Remembering those we’ve loved and lost in 2019, the Idaho Mountain Express pays tribute to people who have been important in building the foundations and traditions of Blaine County.
Here’s a list of those whose obituaries were published in the Express this year. Singled out here are several people who have passed away. Their backgrounds and stories demonstrate the dynamism of the Wood River Valley:
Born in Hungary in 1929, Eddie’s family fled the invading Nazis as war refugees and found sanctuary with the occupying American troops in Bavaria. Eddie and his brother Nick served the Allies’ cause in many capacities, and Eddie learned skiing and mechanics in the Alps. The Gyurkey brothers came to America in 1951, became citizens and joined the U.S. Army. Nick eventually moved to Ketchum, where he bought the Lift Haven Inn at the foot of Warm Springs. Eddie joined him and managed the first ski shop in Warm Springs Village. His service, knowledge of skiing and tennis, and technical expertise were shared for years with his customers at Sturtevants of Sun Valley.
Jean Elexis Pyrah
Born in Arco in 1920, Jean lost her mother at age 6 and was raised by relatives. She attended grade school in Fish Creek and Ashton and graduated from Carey High School after a full and joyful school career in 1938. She married Allen Pyrah a month after graduation. They farmed in Carey for 42 years while raising seven children. Devoted to family and blessed with quick wit and independence, Jean served many years with her church, 4-H and the county fair. She taught sewing to girls. Her great love was making quilts for each new family addition, and that was many—25 grandchildren, 83 great-grandchildren and eight great-great grandchildren. She was 99.
Roland “Stubby” Street
The father of Olympic alpine gold medalist Picabo Street was born in 1939 in Orofino, Idaho, where his mother was a nurse in a logging camp. He grew up as a working man—an expert mason by trade, but also farming, gardening, cooking in restaurants, motorcycling and, of course, skiing. An avid outdoorsman, Stubby lived by one rule: Do something right, or don’t do it at all. He and his new wife, Dee, moved to Triumph near Sun Valley in 1967, where he taught his children Baba and Picabo to ski in his backyard. The rest is American skiing history.
Dick Dahlgren Jr.
A real estate agent, conservationist, firefighter, writer and artist, Dick spent 30 years in Mammoth Lakes, Calif., where he was in the first group of ski patrollers at Mammoth Mountain Ski Area. He discovered his love of fishing in the eastern Sierras and became involved in environmental stewardship against illegal dewatering there. Passionate about life with a sense of adventure, Dick moved to Ketchum in 1989 and continued in the fight to save endangered salmon species. His home/studio for his last 25 years was on the banks of the Big Lost River.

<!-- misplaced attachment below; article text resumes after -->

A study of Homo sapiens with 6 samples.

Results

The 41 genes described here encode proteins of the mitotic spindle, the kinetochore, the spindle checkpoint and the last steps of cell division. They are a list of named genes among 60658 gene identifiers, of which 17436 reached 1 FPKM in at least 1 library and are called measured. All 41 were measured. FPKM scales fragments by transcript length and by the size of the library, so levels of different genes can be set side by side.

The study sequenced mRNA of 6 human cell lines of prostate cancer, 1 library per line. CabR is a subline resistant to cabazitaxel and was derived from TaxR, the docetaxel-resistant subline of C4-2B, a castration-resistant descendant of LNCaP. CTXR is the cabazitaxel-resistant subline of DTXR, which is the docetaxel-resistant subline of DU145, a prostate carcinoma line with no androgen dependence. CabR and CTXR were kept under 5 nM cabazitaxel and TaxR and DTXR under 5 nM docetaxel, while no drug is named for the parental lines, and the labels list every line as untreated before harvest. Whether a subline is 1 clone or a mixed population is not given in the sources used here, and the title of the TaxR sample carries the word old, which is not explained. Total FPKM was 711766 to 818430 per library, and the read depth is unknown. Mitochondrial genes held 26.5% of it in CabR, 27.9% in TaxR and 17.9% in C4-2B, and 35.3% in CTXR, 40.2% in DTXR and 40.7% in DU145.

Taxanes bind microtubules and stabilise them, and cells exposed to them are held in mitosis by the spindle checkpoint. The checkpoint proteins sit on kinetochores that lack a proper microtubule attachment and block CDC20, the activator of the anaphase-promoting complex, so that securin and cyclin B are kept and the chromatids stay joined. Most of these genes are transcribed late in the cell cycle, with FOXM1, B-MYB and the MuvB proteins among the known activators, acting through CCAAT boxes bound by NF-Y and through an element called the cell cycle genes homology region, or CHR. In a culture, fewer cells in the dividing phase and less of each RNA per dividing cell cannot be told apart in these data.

Three-term Sun Valley Mayor Lieder officiated at more than 200 weddings in Sun Valley. A 1953 Smith College graduate, she grew up in a business environment where women were respected. She loved to work. She worked for Sports Illustrated—first hired as an office girl, advancing to fashion reporter and also covering the 1960 Summer Olympics in Rome. Among her top accomplishments during the 1981-94 mayoral terms were Sun Valley bike path construction and merging Sun Valley Moritz Hospital and Blaine County Hospital.
Son of a Greek immigrant, Leo lived 94 years. He started a prodigious working life with magazine sales at age 7 during the Great Depression. He was student body president at Idaho Falls High School, a Navy war veteran, a college graduate and the owner of the Golden Rule grocery store on Hailey’s Main Street. He knew everyone in town and was a great marketer. He always said that life owed him nothing and he hoped he could die in his beloved Idaho. He got his wish Nov. 22, in the home where he lived for 50 years.
Born in the Basque Country of Spain in 1945, Juan came to the U.S. at age 18 and received his citizenship five years later. He worked as a sheepherder, at Ketchum’s Atkinsons’ Market and for 53 years at Sun Valley Resort under Union Pacific, Janss and Sinclair Oil ownerships. A father of three, he also worked 30 years at the Christiania Restaurant. Family was his priority, but he also enjoyed everything outdoors—hunting, fishing, trapshooting and getting firewood.
Teresa’s family called the Wood River Valley their home since the 1880 mining days. Born in Hailey, she roamed free and happy as a child with her spirited personality—riding horses, fishing and making the rounds with a neighbor “helping” to deliver coal. A 1947 Hailey High School graduate, she settled in a tight-knit Bellevue neighborhood where she and husband Joe raised six children and operated the family businesses. She was an avid gardener and a civic force, active in local politics and conservation efforts. On the committee that updated Blaine County’s original comprehensive plan, Teresa never wanted to stray very far from “these mountains.”